Social media has taken over the teenage population of America. Almost 100 percent of the teenage population checks at least one version of social media everyday. With the huge rise in social media and technology, studies have also shown an even larger rise in mental health issues. The biggest mental health issue is suicide. Is there a correlation between these two things?
After my research that I have done so far, I seems pretty apparent to me that yes, indeed, there is a connection between social media and suicide. Social media does not bring hardly any benefits to our society. All social media does is show the perfect sides of people’s lives, which even then are far from perfect, and it is not a platform designed to show normal, real, everyday life. Nobody is perfect, but social media would beg to differ. This negative comparison and image leads to a feeling of insecurity among the teenage population who is designed to use these media platforms.
With these feelings of insecurity comes the unfortunate aspect of depression. Depression is a real illness and it is a killer. There is no better way to say it. Suicide rates among teens have absolutely shot up as social media has become more relevant, and I cannot help but believe that there is a direct correlation there.
As I have researched this issue further, I found another very interesting article. This article is a research piece posted on the us national library of medicine. In this article is cements the point that there indeed must be a connection between the rising social media usage rates among teens and the rising teen suicide rates. A very interesting paragraph from the article discusses how suicide can also be thought of as somewhat trendy on social media. This is a point that I had not necessarily thought of, but it is very relevant and compelling. It reads, “Social media platforms such as chat rooms and discussion forums may also pose a risk for vulnerable groups by influencing decisions to die by suicide. In particular, interactions via chat rooms or discussion forums may foster peer pressure to die by suicide, encourage users to idolize those who have completed suicide, or facilitate suicide pacts. Ultimately, these interactions may reduce the doubts or fears of people who are ambivalent about suicide. A trend also appears to be emerging in which people use social media to leave suicide notes. Suicide notes left by individuals via social media are shared with the public instantaneously and may influence the decisions of other vulnerable people who encounter them.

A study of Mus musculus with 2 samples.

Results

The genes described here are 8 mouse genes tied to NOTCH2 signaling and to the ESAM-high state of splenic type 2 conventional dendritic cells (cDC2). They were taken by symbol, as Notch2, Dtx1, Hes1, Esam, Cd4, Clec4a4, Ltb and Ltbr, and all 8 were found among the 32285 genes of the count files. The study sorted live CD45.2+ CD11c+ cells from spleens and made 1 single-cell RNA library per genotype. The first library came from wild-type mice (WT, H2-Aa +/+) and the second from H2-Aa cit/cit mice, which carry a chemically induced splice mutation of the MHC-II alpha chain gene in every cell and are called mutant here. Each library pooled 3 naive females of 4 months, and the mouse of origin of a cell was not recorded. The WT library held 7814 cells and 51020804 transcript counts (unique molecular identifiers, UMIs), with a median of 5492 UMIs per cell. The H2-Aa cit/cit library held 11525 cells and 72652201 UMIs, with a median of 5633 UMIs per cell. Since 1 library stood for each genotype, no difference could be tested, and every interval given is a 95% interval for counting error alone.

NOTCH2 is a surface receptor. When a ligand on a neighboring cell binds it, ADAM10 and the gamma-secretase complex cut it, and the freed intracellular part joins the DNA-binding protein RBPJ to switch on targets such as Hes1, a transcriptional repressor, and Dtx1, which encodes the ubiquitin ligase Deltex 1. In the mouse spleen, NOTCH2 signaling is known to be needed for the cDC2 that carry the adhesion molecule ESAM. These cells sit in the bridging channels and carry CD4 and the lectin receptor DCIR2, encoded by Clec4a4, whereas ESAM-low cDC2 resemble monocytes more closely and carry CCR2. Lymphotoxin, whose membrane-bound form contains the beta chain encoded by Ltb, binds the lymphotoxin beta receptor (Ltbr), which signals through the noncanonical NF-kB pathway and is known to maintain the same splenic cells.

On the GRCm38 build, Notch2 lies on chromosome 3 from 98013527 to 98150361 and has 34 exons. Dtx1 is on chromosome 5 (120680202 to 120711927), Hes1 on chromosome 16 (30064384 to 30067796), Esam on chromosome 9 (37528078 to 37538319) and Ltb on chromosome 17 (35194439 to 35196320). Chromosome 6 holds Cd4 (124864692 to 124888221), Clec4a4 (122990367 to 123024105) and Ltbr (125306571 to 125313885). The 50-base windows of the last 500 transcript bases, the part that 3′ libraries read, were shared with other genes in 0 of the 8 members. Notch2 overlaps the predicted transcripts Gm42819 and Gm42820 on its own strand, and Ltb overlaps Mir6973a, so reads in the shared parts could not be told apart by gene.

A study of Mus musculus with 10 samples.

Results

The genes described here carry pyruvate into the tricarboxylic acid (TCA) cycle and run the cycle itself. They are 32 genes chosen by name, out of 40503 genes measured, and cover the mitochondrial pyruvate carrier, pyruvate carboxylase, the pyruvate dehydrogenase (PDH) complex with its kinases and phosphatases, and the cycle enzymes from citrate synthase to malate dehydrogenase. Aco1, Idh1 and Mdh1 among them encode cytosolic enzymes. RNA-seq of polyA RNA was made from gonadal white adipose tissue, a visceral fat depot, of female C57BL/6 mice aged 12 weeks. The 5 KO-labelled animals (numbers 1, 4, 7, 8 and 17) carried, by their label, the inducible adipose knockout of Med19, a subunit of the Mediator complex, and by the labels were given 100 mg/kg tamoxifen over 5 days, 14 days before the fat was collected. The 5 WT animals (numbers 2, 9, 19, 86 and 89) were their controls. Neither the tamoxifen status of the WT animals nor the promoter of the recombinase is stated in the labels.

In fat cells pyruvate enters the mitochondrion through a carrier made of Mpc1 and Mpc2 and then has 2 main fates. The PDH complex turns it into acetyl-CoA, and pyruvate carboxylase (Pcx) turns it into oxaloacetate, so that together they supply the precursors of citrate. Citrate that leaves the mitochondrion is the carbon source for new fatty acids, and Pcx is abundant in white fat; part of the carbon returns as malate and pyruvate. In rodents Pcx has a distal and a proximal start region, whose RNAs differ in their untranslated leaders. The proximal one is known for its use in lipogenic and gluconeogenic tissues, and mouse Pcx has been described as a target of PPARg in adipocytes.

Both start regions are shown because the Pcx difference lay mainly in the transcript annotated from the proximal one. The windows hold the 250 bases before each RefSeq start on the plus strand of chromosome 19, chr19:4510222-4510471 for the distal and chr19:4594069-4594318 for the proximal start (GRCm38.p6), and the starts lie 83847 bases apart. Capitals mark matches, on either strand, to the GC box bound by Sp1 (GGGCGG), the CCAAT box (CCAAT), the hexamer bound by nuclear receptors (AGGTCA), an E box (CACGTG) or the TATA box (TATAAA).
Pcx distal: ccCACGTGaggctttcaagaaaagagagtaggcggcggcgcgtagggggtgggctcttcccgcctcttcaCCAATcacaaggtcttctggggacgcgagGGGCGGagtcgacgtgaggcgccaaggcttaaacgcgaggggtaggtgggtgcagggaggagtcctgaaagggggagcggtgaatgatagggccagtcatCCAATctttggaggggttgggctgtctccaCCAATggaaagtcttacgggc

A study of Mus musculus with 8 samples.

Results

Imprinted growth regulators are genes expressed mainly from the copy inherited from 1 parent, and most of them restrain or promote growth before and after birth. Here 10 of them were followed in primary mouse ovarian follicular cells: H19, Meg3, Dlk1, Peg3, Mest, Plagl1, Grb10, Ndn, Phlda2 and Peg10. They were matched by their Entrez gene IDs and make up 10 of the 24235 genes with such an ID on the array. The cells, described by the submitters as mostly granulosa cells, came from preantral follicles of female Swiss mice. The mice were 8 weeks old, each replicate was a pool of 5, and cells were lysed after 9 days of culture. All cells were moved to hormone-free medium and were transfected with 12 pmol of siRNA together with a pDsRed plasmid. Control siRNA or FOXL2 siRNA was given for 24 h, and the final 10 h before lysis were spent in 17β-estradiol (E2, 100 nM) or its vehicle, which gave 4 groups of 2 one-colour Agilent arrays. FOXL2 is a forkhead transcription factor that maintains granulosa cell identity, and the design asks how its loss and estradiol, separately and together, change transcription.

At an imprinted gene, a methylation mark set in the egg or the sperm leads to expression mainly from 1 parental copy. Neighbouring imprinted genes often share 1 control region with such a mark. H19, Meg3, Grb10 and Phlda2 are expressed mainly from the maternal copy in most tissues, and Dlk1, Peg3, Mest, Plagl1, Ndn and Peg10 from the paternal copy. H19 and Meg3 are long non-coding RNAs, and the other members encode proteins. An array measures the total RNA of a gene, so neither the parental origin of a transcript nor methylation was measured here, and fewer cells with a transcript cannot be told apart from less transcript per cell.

It is very unbelievable that these pictures, words, and bodies, that we perceive and see through the tiny screens in our lives. Social media truly is a black hole that is capable of sucking us in, and holding us captive in our own thoughts and comparisons. We need to be more careful and aware of the inescapable effects of social media, and the potential harm that it has to ruin lives.
Luxton, David D., et al. American Journal of Public Health, American Public Health Association, May 2012, www.ncbi.nlm.nih.gov/pmc/articles/PMC3477910/?report=classic.